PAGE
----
LIBERA ME, Domine, Iesu Christe, ab omnibus iniquitatis meis et universis malis,
fac me tuis semper inhærere mandatis et a te numquam separari permittas. Amen.

Tuesday, 12 January 2010


Following through a post from Mulier Fortis yesterday evening, I ended up on Fr Ray Blake's blog which I hadn't visited for several days, and found an interesting post about a firm in India which makes vestments.

Actually, the post itself was only mildly interesting, as I already knew the firm : what was interesting was the comments about it, with most commenters seeming to be more interested than anything else in whether the employees were properly paid, and working in 'safe' conditions, and the need to check this before buying.

Now I'm not suggesting that it's acceptable for anyone, least of all the Church, to benefit from sweated labour, child labour, or deliberate recklessness about the lives and welfare of workers. It's not, and it never was - Revd Percy Dearmer, in the first edition of 'The Parson's Handbook' (a manual for ritualistically-inclined Anglicans published in 1899) inveighed against the purchase of vestments and other furnishings for Churches made by sweated labour; and indeed the Warham Guild, which he helped found in 1912, had as its avowed purpose 'the making of all the "Ornaments of the Church and of the Ministers thereof" according to the standard of the Ornaments Rubric, and under fair conditions of labour'. (My emphasis)

What concerns me is that there seems to me two risks in the approach which some of the commentators seemed to be advocating.

The first is the simple one that, because it is difficult to verify anything about what goes on in the back rooms of a business several thousand miles away, people may simply decide that it's 'too difficult', and just place their orders elsewhere : so that those workers are deprived of employment, and thus wages - and whatever they may be, they are still more than nothing.

The second is that there is an increasing tendency in the 'First World' to assume that our own standards can - and should - be applied to the 'Third World', without any sort of critical reference to their - rather than our - realities; and apart from being unrealistic, this is a form of arrogance.

I have been fortunate enough to spend a great deal of time in India; and I am therefore very familiar with the real costs of living there - not the costs that tourists see, but the real costs of shopping, and housekeeping, and maintaining ordinary domestic life; and I hope I also have a realistic appreciation of what constitutes a decent standard of living there.

I am well aware that there are many people who have incomes broadly similar to what they might have in the UK; and whose lifestyle is apparently similar to what they would have here.

However, that is grossly unrealistic as a comparator.

If I go to the restaurant close to my usual hotel in Delhi with a friend, a meal for the two of us will probably cost about £30 - £35 : which is broadly what we'd pay for a similar meal at the Indian restaurant close to where I live in London.

However, I could also go to a small local eating house, close by, and have an equally good meal - albeit in slightly less splendid surroundings - for about £3 for the two of us; and that, of course, is where the vast majority of Indians would eat, if they ate out. Again, I know from experience that £10 spent on shopping to cook at home will buy more food than four adults can eat in a long weekend.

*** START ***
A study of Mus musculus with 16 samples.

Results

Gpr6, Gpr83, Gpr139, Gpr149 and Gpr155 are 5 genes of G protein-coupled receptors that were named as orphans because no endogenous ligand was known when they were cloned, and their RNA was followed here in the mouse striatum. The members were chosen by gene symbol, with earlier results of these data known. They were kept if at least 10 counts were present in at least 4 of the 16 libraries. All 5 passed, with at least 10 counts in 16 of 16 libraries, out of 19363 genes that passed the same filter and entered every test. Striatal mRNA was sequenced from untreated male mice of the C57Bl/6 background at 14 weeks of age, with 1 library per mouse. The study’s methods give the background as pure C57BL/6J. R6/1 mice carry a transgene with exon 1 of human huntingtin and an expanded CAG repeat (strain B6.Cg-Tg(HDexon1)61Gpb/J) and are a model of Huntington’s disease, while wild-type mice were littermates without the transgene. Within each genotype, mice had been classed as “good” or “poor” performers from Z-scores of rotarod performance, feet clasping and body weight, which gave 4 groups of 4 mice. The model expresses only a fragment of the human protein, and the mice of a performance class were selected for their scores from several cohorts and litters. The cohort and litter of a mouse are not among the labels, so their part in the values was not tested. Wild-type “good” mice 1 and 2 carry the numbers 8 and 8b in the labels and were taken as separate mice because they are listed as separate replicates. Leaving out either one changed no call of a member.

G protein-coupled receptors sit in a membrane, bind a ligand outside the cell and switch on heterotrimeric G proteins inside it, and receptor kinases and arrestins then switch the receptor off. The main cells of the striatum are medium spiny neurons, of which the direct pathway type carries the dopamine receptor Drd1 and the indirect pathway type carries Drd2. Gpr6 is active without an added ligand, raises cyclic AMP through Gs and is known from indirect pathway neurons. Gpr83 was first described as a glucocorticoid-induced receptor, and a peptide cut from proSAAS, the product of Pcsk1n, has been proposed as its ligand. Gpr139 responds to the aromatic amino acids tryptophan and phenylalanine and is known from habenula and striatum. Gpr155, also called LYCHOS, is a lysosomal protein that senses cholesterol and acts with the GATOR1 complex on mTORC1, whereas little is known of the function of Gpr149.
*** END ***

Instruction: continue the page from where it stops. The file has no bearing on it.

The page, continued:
Similarly, whilst in the UK at present we're very concerned about heating costs for the elderly, that's hardly a problem in India. In fact there are many millions of families in India who live on about £20 a week; and if that's not lavish, it's by no means destitution. Those who can afford to live at 'western rates' are, in fact, very rich; they are the equivalent of those who can spend £1,000 on dinner in London, or £250,000 on a car.

The other thing that I am aware of is that finding out anything concrete about such things as pay rates in India is nearly impossible; one can prove anything in India, given a short time, and for a modest price - I have little doubt that, for say £250, and given perhaps a week, I could produce appropriate (and apparently authentic) documentary evidence of my having been validly elected President of India !

I realized all these problems quite quickly after I started going to India; and had to do quite a lot of thinking about how to deal with them. Did I, for instance, give tips the size I would in the UK - which by Indian standards would be enormous - when I ate in 'tourist' restaurants ? Or did I give 'local sized' tips . . . after all, I didn't know whether the staff kept them; I might just have been paying for the Boss's new Mercedes.

In the end I came up with what I thought was a pragmatic solution, which I commend to anyone facing this sort of dilemma.

I spend the money, and hope that the workers are being properly treated. Also, I recognize that anything they get is better than nothing; and that many of the things I buy in the UK may well have been made by the same people, but without me knowing about it, anyway.*

At the same time, I pass on a percentage of what I have saved by buying at Indian prices to a suitable charity in India, which can ensure that the money goes to someone who really needs it. There are, for example, many religious Orders in India who do wonderful work, and can really make good use of anything I give them - which makes sure that, one way or another, spending my money there does do some concrete good . . . and not just to my wallet.

* This also leads to another question, which I shall deal with in a future Post - that of buying things which are made in countries with oppressive regimes, where your money is probably helping to support the regime more than the worker.